By Jess Phillips,
A picture at the recent NATO summit in London showed the Queen surrounded by leaders of powerful international allies. Of the 31 world leaders, six were women. Men in dark suits took up the rest of the space, and women around the world once again collectively rolled their eyes; we all thought it would be better by 2019.
In the UK, as I write ahead of the election, women still make up only 32% of MPs. It’s still very much a man’s world; if a man has a sharp suit, a smart haircut (although... clearly not a requirement in the UK or the US) and can speak in full sentences, people automatically assume he’s leadership material. However, look beyond the sea of grey suits and, actually, there are reasons to be cheerful about the last decade of politics and what it has meant for women.
Angela Merkel, Germany’s long-reigning Chancellor, has been one of (if not the only) woman in the group pictures over the past 10 years. She will likely be replaced by another woman when she steps down in 2021. Meanwhile, the UK has had its second female Prime Minister, its first female Secretary of State for Defence and the UK Parliament has seen the highest percentage of women represented on its benches this decade, with the highest percentage ever of women of colour.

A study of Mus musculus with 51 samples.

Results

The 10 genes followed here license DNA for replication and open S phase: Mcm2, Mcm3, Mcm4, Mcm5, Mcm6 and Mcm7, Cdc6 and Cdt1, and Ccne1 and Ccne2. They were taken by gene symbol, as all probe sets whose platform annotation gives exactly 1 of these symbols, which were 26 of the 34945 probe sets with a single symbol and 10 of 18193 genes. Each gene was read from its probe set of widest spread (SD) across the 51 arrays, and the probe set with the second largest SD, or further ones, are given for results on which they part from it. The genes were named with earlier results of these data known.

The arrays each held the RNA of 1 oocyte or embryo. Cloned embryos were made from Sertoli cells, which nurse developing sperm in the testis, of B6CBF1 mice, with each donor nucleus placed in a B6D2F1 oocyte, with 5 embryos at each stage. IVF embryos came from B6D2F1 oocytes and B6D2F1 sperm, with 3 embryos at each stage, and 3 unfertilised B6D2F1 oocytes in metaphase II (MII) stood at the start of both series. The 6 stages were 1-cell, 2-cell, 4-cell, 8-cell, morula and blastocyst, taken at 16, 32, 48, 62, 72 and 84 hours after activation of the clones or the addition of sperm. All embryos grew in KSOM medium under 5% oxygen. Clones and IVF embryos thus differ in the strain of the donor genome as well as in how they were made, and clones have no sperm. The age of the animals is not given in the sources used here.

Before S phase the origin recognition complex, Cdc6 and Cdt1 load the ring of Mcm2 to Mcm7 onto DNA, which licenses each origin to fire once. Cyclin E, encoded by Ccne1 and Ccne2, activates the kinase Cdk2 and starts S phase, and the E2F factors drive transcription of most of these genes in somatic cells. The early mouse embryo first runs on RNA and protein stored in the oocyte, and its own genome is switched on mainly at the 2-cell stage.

On the day I was elected in 2015, Parliament saw the oldest ever woman elected to the house (Ann Clwyd), the youngest (Mhairi Black) and the longest ever serving woman re-elected (Harriet Harman). In Scotland, for a brief, delicious moment, the three major political parties were all led by women, each with big- hitting styles (Nicola Sturgeon, Ruth Davidson and Kezia Dugdale).
Click here to read the full article published by Grazia on 3 January 2020.